Fresh Cut Flowers

Fresh cut flowers bring a beautiful fragrance and freshness to your wedding that fake flowers simply can’t provide. Take special care of your cut flowers to ensure they will look their best for their special appearance on your big day. Cut flowers require particular attention and storing and handling procedures to keep them alive and beautiful. Follow these procedures to the “t” to make doubly sure that your cut flowers will survive the rigors of floral arranging.

Caring for cut flowers will first require some tools. You will need containers that are both large enough to hold the number of stems you have purchased and deep enough to allow the stems to stand up and be about one-third under water. Buckets are great for holding cut flowers. Of course, a major ingredient is plenty drinking water for the cut flowers water. Tepid, room-temperature tap water should work fine. You will also need garden shears or kitchen scissors. Other things you might need include rubber bands, green florist tape, lightweight floral wire, and paper towels (for cleaning up messes).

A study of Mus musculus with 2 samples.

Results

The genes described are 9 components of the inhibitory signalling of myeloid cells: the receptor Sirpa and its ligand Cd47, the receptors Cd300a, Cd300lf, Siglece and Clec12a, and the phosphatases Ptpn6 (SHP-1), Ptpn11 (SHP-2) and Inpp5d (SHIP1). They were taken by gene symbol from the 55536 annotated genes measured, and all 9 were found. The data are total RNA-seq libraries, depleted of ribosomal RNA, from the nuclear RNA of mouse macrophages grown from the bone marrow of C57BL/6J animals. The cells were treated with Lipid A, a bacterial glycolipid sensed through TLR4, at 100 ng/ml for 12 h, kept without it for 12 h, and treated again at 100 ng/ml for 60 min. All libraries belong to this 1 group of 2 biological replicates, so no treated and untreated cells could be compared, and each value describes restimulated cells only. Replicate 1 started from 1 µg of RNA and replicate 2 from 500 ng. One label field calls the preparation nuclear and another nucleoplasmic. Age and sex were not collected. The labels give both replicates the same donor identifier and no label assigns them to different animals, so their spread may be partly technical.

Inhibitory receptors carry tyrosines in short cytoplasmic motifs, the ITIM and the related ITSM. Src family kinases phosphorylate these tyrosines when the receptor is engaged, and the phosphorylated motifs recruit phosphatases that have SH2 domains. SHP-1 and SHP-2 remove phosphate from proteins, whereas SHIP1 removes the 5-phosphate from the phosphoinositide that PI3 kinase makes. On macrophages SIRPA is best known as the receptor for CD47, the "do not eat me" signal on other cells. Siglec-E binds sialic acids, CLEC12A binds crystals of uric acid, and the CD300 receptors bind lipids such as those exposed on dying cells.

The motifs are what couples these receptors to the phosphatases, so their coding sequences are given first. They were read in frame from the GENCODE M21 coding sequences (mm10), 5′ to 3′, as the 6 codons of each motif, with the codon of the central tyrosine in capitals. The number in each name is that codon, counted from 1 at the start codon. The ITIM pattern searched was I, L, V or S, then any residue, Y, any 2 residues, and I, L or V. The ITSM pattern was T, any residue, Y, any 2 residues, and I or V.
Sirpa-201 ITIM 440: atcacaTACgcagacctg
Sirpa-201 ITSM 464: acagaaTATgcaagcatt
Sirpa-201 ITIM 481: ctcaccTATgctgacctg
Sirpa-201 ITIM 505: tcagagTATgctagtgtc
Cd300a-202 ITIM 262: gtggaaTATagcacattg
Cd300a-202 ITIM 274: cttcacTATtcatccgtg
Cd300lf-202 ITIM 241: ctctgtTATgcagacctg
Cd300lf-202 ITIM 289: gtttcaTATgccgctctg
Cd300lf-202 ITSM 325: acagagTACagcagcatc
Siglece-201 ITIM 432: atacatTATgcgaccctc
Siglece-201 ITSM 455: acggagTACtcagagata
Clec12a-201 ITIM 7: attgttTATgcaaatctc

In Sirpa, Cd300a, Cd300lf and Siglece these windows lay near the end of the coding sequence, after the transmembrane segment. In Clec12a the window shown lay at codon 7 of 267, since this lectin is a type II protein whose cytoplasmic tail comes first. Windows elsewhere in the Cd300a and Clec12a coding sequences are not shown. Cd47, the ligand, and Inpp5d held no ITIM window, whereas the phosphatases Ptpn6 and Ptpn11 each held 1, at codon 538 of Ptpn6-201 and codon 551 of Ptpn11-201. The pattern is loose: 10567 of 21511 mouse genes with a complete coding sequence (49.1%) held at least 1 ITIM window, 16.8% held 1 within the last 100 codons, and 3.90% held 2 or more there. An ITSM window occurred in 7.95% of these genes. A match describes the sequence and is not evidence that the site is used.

If your fresh cut flowers have been out of water for a significant amount of time, they should be re-cut before you place them in the water. This will provide a new opening at the bottom of the stem for better water suction up to the flower head. Here is where the shears come in handy. Cut about a quarter-inch off the end at a forty-five degree angle while holding that end under water. Holding the stem under water while you cut allows the flower to “gulp” in a water, rather than air, which would create an undesired air bubble in the stem.

Finally, store your fresh cut flowers in a cool place until they are needed again. No doubt you will notice their beauty even before you ever place them in a vase.